Julie Sprankles is a freelance writer living in the storied city of Charleston, SC. When she isn't slinging sass for SheKnows, she enjoys watching campy SyFy creature features (Pirahnaconda, anyone?), trolling the internet for dance work...

Inadvertently or not, Ellen DeGeneres' Nicki Minaj skit was offensive — and we need to talk about why

On Monday, The Ellen DeGeneres Show aired a skit spoofing Nicki Minaj's upcoming television series and, to say the least, the ill-conceived parody was in poor taste.

Listen, I love Ellen. You love Ellen. Who doesn't love Ellen DeGeneres? But sometimes even the best among us make mistakes — to err is to be human, after all. And, in my opinion, DeGeneres seriously slipped up with her Minaj-centric skit.


Inadvertently or not, Ellen DeGeneres' Nicki Minaj skit was offensive — and we need to talk about why
Image: The Ellen DeGeneres Show

Down the stairs bounces a seemingly innocuous preteen girl — who quickly turns and bends over, revealing a larger-than-life prosthetic backside. And that's where DeGeneres lost me, even before she trotted out the same oversized posterior on Minaj's fictional mom, dad and, yes, even the family dog. Before, even, they fumbled around the living room knocking decor over like a family of Clumps in The Nutty Professor.

Does Nicki Minaj have an impressively voluptuous bum? Yes. Is Nicki Minaj a grown-ass woman? Yes, yes she is. The problem with this skit is that, well, hold up... there are multiple problems with this skit. One, though, is that while Minaj celebrates her body type for the empowerment of women — and particularly black women — this skit makes a mockery of that body positivity.

Not to mention, it employs a young black girl as the crux of its farcical shtick. When you have a demographic that is already woefully underrepresented in mainstream media, is this what we want them to see when they turn on their TVs? What message are we sending here — that their bodies are, quite literally, the butt of the joke?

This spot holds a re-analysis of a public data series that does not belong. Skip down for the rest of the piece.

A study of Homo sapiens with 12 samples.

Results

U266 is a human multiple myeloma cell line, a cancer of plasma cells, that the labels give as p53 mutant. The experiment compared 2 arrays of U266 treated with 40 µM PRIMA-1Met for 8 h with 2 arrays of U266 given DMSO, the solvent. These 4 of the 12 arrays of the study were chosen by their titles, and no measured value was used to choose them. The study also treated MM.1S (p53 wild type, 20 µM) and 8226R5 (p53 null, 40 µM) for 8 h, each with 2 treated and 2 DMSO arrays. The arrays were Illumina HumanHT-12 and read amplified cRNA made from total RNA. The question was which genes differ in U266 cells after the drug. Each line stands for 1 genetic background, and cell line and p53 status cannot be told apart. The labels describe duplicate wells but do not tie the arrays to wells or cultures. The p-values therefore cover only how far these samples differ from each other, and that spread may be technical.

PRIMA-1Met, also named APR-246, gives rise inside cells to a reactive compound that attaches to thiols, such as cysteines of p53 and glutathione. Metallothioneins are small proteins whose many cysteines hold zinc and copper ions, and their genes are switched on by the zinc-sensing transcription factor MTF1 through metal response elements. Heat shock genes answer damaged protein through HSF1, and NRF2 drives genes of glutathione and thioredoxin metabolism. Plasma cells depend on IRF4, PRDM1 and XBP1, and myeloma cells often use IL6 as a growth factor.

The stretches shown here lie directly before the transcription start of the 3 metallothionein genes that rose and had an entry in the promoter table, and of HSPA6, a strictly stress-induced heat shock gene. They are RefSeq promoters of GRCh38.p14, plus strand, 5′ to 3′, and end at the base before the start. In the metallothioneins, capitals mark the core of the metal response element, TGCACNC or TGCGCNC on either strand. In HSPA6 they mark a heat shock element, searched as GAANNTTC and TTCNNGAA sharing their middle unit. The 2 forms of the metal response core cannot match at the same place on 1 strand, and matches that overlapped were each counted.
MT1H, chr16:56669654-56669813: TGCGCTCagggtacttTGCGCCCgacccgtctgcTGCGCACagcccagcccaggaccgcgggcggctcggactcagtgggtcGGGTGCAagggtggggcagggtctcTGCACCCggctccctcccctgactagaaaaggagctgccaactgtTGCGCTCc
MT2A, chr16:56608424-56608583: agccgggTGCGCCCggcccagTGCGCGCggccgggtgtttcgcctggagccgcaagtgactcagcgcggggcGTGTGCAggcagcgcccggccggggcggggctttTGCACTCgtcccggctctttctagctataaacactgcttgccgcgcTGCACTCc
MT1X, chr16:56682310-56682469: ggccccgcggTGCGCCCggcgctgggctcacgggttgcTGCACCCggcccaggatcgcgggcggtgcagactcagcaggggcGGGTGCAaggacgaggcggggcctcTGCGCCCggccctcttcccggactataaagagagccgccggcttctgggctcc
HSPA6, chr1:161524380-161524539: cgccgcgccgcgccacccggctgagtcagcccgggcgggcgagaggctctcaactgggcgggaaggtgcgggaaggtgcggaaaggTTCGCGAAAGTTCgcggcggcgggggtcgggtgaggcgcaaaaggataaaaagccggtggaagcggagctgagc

Inadvertently or not, Ellen DeGeneres' Nicki Minaj skit was offensive — and we need to talk about why
Image: The Ellen DeGeneres Show

So there are obviously also implications of race. Can we really call this humor? The entire parody was little more than a modern-day minstrel show, relying on the comedic relief some people find inherent in nothing more than the complexion of other peoples for cheap laughs.

Do I think Ellen DeGeneres is racist? No. Do I believe this skit is an example of racism? I do. When the entire punch line of a parody centers on a black woman's body for bemusement, I don't think we can argue it isn't racism. I think it's important that we understand a person can say something racist without being a racist. I think it's important we understand racism is a system designed to subordinate non-white peoples, and sometimes we inadvertently proliferate this system like DeGeneres did here.

So, in that respect, I think DeGeneres' skit brings to light an incredibly important conversation we should be having on a topic far too many of us are unfamiliar with: intersectionality.

Coined by feminist Kimberlé Crenshaw in the '80s, intersectionality is the study of how different power structures interact in the lives of minorities. So, intersectionality would hold that I, as a white woman, cannot know the oppression of sexism that a woman like Nicki Minaj has faced, because society's attitude toward her as a black woman is intrinsically different. Her oppression has been shaped by both gender and race.

As a gay woman — and, therefore, part of another historically disenfranchised group of society, or "double-minority" — one would hope DeGeneres would be more sensitive to the marginalization of black women like Nicki Minaj.

If you think I'm simply being reactionary by connecting these dots, you're ignoring intersectionality. In DeGeneres' parody, women are essentially being body-shamed and, more pointedly, they are being shamed for a body type most often culturally attached to black women.


Until then, we'll all be on the lookout for what Minaj has to add to the conversation.